Using a loop is almost a must in our day to day life. But have you ever thought what kind of loop should you use? Do you know the difference between enumerables and iterables? This article sheds some light in this space, so read on if you’re interested.

Background

Looping has seen quite a few changes from when I started programming. I remember using while loops and thinking wow, this is cool (I was printing starts on console using MS-DOS).

For loop is another way to iterate through a data structure which contains many items. But non of these methods iterate over the actual structure. They use a sequence, usually named i which mirrors the identifier for you.


for (let i = 0; i < fruits.length; i++) {
  console.log(fruits[i]);
}

// 🍉, 🍎, 🍌

Here i is an index which allows you to access the elements of fruits array and is not part of the array itself. But with progress on JavaScript towards more modern ways of programming, things have changes now. We have for...in, and for...of loops which use a different mechanism for going through items in a collection.

Concepts

Before we delve into these newer ways of iteration, we need to be on the same page around some concepts. So let’s go through them now:

  • Iterables: This is a kind of loop where we are performing a repetition. Meaning the same set of actions are performed on each item.
  • Enumerables: This is a kind of loop where we making mention of, or counting items one at a time. This means the collection’s elements can be distinctly identified and referenced.

That didn’t click for me at first, but after going through some examples, it finally made sense. If you consider a full pencil case, that’s an enumerable. When you line up at Aldi to pay, that line is an iterable. A wad of cash is an enumerable, whereas a row of keys on your keyboard is an iterable.

💡 In order for an object to be iterable, it MUST implement an @@iterator property which returns an iterator. An iterator object is one which has a next method which returns the next item in the collection. That’s why an object is not an iterable.

By now you should have started to see the pattern here. The best analogy I came across is:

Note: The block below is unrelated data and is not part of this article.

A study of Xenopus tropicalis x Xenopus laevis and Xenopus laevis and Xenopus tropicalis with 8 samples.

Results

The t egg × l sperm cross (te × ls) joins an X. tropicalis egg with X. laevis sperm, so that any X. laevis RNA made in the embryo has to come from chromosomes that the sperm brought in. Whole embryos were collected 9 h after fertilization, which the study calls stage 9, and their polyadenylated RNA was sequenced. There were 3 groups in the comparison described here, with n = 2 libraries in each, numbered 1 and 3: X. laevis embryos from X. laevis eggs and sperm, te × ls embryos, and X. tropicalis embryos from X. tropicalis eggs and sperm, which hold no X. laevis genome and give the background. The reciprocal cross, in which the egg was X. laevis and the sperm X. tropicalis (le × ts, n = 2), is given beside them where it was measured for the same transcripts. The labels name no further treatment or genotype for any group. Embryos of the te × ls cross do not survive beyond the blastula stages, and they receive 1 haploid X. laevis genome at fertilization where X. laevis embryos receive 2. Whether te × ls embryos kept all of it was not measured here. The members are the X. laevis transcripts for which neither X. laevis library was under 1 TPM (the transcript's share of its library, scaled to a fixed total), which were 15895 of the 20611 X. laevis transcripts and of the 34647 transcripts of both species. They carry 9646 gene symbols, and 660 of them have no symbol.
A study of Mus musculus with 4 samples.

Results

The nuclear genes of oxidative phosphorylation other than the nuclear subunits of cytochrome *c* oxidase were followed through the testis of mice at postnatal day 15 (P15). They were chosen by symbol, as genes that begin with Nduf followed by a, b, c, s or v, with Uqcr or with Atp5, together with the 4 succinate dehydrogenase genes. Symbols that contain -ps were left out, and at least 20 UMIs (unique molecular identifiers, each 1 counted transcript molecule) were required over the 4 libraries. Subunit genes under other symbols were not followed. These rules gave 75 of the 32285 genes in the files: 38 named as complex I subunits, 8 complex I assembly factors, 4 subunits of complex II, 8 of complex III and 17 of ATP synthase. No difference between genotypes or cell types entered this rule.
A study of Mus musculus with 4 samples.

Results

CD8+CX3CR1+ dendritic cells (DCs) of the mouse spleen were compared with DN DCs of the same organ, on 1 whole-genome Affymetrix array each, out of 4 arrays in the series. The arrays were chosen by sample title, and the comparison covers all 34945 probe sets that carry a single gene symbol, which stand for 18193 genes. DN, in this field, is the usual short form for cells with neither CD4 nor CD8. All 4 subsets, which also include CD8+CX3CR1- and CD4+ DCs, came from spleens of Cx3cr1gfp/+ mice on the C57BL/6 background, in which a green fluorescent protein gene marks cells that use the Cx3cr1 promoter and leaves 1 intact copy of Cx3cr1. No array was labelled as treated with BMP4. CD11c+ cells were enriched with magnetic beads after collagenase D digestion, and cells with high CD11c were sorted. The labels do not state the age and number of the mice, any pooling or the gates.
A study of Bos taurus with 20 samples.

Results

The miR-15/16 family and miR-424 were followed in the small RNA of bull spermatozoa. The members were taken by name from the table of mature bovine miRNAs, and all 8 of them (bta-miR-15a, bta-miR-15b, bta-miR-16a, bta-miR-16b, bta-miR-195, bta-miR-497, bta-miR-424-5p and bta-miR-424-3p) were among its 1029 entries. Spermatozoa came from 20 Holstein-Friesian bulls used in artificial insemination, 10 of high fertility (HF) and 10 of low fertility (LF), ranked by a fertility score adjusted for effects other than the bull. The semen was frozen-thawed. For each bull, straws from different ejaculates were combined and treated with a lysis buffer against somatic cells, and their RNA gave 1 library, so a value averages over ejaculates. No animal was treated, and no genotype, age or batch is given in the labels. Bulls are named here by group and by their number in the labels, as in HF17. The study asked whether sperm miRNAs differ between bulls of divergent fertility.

😍 Enumerables are like rectangles whereas iterables are squares. This means all iterables are enumerables, however, not all enumerables are iterables.

for...in

So let’s start from enumerables. You can go through enumerables using for...in. The use case is mainly to go through key-value pairs in an object:

  make: 'Lamborghini',
  model: 'Veneno',
  year: '2020'
};

for (let key in superCar) {
  console.log(`${key} --> ${superCar[key]}`);
}

// make --> Lamborghini
// model --> Veneno
// year --> 2020

You can also use for...in to go through index values of an iterable like an array or a string:


for (let index in fact) {
  console.log(`Index of ${fact[index]}: ${index}`);
}

// Index of L: 0
// Index of a: 1
// Index of m: 2
// Index of b: 3
// ...

💡 Beware that you can’t iterate on Symbol properties with for...in and that’s because Symbols are primitive data types that are always unique. They are generally used as private properties to avoid name clashes when inheritance is used.

Using for...of

This kind of loop is applicable to “iterable objects” meaning the item after of MUST be an iterable:


for (let fruit of fruits) {
  console.log(`${fruit} is delicious.`);
}

// 🍉 is delicious.
// 🍎 is delicious.
// 🍌 is delicious.

And again we can use it on strings, but with a slight difference:


for (let char of fact) {
  console.log(char);
}

// Y
// a
// s

Summary

We saw the difference between these two modern ways of looping through collections, let’s make more informed decisions as to use what where and write cleaner, more readable code 👊🏽.